High Cholesterol Has An Unexpected Link To This Painful Condition

Everyone needs to keep an eye on their cholesterol levels, even when you're young. While an optimal total cholesterol level is 150 mg/dL, problems can emerge when your cholesterol begins to creep over 200, or when your LDL is 130 or higher. What a high LDL cholesterol level means is that you have a lot of this fat-like substance that can build up in your arteries. Over time, this cholesterol can park itself along your artery walls, making the arteries more narrow and less elastic. That makes it harder for oxygen-rich blood to reach your organs and muscles.

When you have high cholesterol, you could develop conditions such as high blood pressure, peripheral arterial disease, coronary heart disease, and stroke. Another condition that you may not realize can be aggravated by untreated high cholesterol is gout. Although gout is associated with high levels of uric acid in the blood, gout and high cholesterol are both associated with how your body metabolizes food, particularly fat.

The link between gout and high cholesterol

Gout is a form of arthritis that develops when your kidneys can't handle the excess amount of uric acid in your system. A gout attack occurs when uric acid crystals form and settle into your joints, usually the big toe. Gout attacks can last for a week or two, and they can be quite painful for gout sufferers.

High lipid levels in your blood are linked to more gout attacks. A 2019 article in BMJ studied 68 patients with gout–some had high cholesterol and high triglycerides while others had normal lipid levels. The people with high cholesterol had significantly more gout attacks than those with normal cholesterol levels. Similarly, having high triglycerides also increases your risk of having more gout attacks. A 2022 study in the Journal of Personalized Medicine matched the health data of more than 16,000 people who had gout with more than 66,000 people who did not. People with gout were 50% more likely to also have a history of high cholesterol than people without gout.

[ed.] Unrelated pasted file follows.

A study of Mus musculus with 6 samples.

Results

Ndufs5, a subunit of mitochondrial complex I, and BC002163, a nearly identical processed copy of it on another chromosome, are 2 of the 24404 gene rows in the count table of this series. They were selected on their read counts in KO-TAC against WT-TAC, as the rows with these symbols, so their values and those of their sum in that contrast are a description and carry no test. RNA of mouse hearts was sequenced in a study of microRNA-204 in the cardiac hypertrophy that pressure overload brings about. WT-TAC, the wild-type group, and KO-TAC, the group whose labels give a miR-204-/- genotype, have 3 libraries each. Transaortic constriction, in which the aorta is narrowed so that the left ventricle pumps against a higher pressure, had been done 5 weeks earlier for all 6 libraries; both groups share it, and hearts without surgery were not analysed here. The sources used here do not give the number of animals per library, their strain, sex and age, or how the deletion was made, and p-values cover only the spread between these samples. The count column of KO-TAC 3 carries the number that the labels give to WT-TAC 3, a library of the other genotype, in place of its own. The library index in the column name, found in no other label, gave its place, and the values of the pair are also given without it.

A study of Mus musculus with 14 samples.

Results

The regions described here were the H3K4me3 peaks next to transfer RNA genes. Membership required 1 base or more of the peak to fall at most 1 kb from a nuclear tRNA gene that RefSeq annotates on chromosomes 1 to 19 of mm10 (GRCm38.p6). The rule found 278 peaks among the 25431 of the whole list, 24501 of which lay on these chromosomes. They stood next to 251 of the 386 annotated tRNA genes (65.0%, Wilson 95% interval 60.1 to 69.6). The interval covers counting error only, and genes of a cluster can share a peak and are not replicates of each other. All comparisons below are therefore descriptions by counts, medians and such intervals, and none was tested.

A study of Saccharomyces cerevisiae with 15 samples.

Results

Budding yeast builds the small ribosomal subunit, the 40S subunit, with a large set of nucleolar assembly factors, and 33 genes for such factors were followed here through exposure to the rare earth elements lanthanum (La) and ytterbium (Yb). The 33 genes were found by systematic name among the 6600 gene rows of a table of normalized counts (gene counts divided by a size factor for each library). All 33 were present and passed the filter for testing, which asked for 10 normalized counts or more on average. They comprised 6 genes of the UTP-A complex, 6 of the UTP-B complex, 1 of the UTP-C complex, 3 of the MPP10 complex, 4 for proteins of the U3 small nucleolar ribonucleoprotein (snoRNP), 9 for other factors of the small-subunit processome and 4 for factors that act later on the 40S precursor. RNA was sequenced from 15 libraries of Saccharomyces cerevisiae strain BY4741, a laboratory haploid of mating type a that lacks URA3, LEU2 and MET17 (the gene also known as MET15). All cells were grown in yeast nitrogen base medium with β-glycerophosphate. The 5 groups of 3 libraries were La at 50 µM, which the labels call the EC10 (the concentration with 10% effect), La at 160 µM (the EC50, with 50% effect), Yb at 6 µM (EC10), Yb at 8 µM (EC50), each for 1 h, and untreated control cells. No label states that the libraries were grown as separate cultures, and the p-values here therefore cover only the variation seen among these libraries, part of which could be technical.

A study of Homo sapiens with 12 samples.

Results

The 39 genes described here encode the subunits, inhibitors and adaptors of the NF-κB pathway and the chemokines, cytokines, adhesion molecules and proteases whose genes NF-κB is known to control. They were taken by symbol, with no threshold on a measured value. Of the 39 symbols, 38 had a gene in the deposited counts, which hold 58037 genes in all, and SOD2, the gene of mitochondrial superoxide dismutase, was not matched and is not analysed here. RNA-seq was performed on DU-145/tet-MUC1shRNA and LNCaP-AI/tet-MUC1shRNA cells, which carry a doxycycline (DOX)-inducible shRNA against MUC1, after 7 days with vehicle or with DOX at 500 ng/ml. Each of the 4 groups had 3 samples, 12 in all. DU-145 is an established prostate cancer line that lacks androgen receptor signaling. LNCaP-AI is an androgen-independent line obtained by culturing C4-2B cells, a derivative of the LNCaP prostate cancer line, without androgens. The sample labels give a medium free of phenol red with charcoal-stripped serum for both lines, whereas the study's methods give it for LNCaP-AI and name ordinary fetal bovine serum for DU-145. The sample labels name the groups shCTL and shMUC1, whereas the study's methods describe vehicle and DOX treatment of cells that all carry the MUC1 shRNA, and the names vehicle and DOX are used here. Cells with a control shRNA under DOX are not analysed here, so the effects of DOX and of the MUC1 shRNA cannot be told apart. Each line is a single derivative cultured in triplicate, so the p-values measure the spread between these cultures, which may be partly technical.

It might be possible that high levels of uric acid could increase your risk of developing high cholesterol, according to a 2018 study in the International Journal of Cardiology. After adjusting for age, BMI, smoking, and drinking habits, healthy people who had high levels of serum uric acid were more likely to see higher LDL cholesterol levels five years later.

Managing gout is similar to managing high cholesterol

Gout is often linked to conditions such as high blood pressure, heart attack, and stroke. Obesity, chronic kidney disease, and psoriasis can increase your risk of gout. Controlling gout or limiting the uric acid in your body starts with taking a look at the purines in your diet. Sugary foods (especially high fructose corn syrup), organ meats, red meat, and some seafood have purines that are broken down into urate (Here's what food you should eat and avoid for gout). You can help your kidneys filter excess uric acid by drinking plenty of water.

Managing both gout and high cholesterol requires keeping a healthy weight, especially since obesity can boost levels of uric acid in the body. You'll also need to exercise regularly to control gout and high cholesterol. Smoking makes both conditions worse, so enrolling in a smoking cessation program can improve your health. Some alcohol has purines, but alcohol also hinders the ability of your kidneys to remove uric acid from your system. Alcohol also raises your cholesterol levels and eventually weakens your liver's ability to metabolize cholesterol.